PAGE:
Everyone is impacted differently by what they experience throughout their lifetime. Our experiences and reactions to those experiences are most often unique




  • Everyone is impacted differently by what they experience throughout their lifetime. Our experiences and reactions to those experiences are most often unique. The book mentions that George Kelly believed that people develop and modify theories in order to accomplish the goals of explanation and prediction, or personal constructs (Lecci & Magnavita, 2013). If someone cannot properly understand their own construct system often anxiety can immerge. “The constructionist view is one that focuses more on the idea that reality is not revealed to individuals but instead it is reached through a process of construction (Vall Castello , 2016). Constructionists believe that meaning-making should be intraindividual, or should occur within someone (Vall Castello , p.2, 2016). They carry the belief that “language is not a tool for representing reality but is a means to make sense of reality in a social context” (Vall Castello , p.2, 2016). The author of one article explained that bridging allows everyone to be able to comprehend these complexities (Vall Castello , 2016). One commonality is that one’s past plays a role in their current and future choices. This can also be described as an attitude of learning from one’s mistakes and experiences.

    Lecci, L.B. & Magnavita, J.J. (2013). Personality Theories: A Scientific Approach. San Diego: Bridgepoint Education, Inc.

    Vall Castello, B. Bridging constructivism and social constructionism: The journey from narrative to dialogical approaches and towards synchrony. Journal of Psychotherapy Integration, Vol 26(2), Jun, 2016 pp. 129-143.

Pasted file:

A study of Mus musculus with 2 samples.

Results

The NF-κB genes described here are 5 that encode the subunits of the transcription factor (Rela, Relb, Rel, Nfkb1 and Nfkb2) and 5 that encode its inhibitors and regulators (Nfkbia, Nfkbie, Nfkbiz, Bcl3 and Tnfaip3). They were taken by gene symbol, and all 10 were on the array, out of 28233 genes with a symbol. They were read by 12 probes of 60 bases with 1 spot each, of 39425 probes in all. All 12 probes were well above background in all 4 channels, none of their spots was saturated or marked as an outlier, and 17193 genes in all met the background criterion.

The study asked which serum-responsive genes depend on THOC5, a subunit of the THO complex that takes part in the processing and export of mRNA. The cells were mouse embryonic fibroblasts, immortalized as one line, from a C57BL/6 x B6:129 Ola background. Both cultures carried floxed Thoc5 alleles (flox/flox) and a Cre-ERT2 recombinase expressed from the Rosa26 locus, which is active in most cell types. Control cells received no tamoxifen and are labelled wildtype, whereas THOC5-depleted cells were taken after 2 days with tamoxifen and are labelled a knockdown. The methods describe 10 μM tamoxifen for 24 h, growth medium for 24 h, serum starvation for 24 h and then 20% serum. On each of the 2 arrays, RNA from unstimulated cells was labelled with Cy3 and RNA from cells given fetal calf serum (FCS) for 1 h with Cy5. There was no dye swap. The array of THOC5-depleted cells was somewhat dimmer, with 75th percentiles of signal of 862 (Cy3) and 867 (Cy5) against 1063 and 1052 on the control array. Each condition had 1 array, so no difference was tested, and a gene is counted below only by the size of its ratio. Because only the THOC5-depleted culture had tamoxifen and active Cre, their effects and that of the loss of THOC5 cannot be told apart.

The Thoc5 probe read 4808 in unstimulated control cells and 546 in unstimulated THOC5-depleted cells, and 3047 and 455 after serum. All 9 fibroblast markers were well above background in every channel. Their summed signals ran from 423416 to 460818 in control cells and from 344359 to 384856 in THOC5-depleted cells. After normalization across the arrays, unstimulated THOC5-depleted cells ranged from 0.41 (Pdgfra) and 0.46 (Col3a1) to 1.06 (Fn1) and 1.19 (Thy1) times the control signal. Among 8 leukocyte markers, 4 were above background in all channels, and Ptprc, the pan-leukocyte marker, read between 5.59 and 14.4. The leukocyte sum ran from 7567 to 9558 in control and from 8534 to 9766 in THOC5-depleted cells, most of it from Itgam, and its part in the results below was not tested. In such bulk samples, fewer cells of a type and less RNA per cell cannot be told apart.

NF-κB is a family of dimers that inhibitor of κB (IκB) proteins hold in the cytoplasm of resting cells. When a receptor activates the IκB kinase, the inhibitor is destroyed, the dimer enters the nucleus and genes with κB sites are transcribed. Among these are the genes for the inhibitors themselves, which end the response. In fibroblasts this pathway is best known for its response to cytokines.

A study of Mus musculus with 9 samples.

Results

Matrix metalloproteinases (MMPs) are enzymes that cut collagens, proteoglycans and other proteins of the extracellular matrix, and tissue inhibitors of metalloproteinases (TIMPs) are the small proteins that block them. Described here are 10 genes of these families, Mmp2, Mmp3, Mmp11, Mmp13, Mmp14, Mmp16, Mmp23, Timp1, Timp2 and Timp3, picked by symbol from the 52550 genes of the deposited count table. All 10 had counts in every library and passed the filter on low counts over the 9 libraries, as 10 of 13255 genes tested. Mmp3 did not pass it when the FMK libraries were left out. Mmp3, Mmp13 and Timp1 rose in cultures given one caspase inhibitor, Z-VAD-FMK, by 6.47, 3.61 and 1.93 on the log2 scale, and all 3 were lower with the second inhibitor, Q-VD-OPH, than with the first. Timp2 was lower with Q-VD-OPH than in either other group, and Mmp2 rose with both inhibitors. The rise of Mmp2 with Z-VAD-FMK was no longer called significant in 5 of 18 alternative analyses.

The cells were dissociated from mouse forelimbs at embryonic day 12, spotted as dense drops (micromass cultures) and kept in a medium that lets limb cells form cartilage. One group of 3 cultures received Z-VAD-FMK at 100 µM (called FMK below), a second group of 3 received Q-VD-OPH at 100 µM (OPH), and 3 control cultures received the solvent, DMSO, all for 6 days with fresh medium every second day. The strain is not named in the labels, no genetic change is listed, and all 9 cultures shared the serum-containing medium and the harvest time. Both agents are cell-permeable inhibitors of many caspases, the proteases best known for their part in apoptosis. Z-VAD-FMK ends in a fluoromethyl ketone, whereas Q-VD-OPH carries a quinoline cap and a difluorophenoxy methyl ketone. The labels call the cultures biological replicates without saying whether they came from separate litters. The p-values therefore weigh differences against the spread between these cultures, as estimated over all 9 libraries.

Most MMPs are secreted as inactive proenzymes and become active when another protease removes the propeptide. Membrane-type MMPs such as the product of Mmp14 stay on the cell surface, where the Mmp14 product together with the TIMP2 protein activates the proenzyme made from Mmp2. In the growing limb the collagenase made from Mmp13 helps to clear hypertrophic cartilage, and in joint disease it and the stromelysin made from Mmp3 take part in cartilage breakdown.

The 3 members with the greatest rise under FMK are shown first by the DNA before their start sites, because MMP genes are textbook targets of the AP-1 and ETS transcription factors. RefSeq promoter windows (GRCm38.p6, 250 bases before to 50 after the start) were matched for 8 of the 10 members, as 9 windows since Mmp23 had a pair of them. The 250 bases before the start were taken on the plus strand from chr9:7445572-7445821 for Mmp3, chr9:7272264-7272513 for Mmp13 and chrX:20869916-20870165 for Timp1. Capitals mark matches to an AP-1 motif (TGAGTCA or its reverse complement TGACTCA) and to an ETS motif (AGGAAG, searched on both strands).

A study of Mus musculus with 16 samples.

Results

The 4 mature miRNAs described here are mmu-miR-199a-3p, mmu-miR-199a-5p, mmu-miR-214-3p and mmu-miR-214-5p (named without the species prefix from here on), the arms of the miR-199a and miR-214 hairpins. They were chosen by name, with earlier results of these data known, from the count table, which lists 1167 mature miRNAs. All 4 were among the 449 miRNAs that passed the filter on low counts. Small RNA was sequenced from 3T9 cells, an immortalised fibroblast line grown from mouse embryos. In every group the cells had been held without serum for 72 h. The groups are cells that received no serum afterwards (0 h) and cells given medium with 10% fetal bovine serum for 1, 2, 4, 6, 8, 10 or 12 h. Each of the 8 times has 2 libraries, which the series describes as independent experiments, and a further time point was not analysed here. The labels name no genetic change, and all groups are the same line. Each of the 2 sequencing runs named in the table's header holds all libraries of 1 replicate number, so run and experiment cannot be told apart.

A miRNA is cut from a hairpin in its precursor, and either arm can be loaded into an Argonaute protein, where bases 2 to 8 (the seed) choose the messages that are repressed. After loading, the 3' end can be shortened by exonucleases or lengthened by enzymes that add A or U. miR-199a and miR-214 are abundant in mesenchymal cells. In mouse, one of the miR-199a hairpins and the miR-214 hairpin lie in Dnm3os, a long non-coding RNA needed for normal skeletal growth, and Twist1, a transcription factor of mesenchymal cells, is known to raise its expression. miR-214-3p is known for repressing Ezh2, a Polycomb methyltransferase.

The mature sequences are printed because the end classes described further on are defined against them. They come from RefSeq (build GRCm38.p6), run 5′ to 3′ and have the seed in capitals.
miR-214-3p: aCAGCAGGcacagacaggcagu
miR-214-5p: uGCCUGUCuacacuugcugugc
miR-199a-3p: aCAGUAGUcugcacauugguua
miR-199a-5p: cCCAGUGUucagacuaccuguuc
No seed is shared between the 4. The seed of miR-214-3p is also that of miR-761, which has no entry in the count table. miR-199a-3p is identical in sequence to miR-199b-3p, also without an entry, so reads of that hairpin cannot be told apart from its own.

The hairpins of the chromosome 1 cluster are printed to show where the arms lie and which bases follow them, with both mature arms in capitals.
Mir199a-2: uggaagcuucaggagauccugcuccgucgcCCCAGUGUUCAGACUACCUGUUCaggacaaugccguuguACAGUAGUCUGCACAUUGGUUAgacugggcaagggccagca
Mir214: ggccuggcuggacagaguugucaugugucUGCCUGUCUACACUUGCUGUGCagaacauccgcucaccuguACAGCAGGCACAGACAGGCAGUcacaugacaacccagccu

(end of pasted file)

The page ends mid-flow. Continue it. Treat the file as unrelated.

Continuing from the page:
• Constructivists asserted that learning was not a passive intake of information and knowledge.  They rather believed that experiences and opportunities are present that allow an individual to build meaning and create knowledge.  In gaining knowledge, they have context and interaction with the information rather than just having it programmed into them.  By constructivist belief, tabula rasa (a blank slate) is nonexistent.  Everyone is a learner and each learner bring their unique combination of experiences and culture to the way they encounter life.  Their personalized point of view is what gives different individuals differing knowledge and how people can view the same piece of information differently.  Previous schools of thought viewed knowledge as something to be gained.  Once an individual could take in the knowledge, they could start to understand their world as it is.  Constructivism reversed that notion; stating that with knowledge the person can give meaning and order to their personal reality.
      Theories such as behaviorism and psychoanalysis are very strong historical roots in the psychological field.  Behaviorism was based largely on the idea that knowledge should come from what can be seen, measured, and quantified.  Psychoanalysis focused on investigation of the mind to see how it is governing the individual.  These theories approach individuals as something to be figured out, information is sorted, and then they become fixable.  Once the clinician gains enough information regarding the client, they can make organized sense of the client, and use techniques to correct behavior.  On the other end of the spectrum, humanism and existentialism focus on the individual’s experiences, identity, and potential.  Specifically, in humanistic theory, there is an emphasis on understanding the history of an individual to understand where they are in their present state.  Constructivist theory acts as the hinge between these different periods in personality theory.

      Chiari, G. (2016). To live is to know, to know is to change: Change in personal construct psychology and psychological constructivism. Journal Of Constructivist Psychology29(4), 340-356. doi:10.1080/10720537.2015.1134364
      Lecci, L.B. & Magnavita, J.J. (2013). Personality Theories: A Scientific Approach. San Diego: Bridgepoint Education, Inc.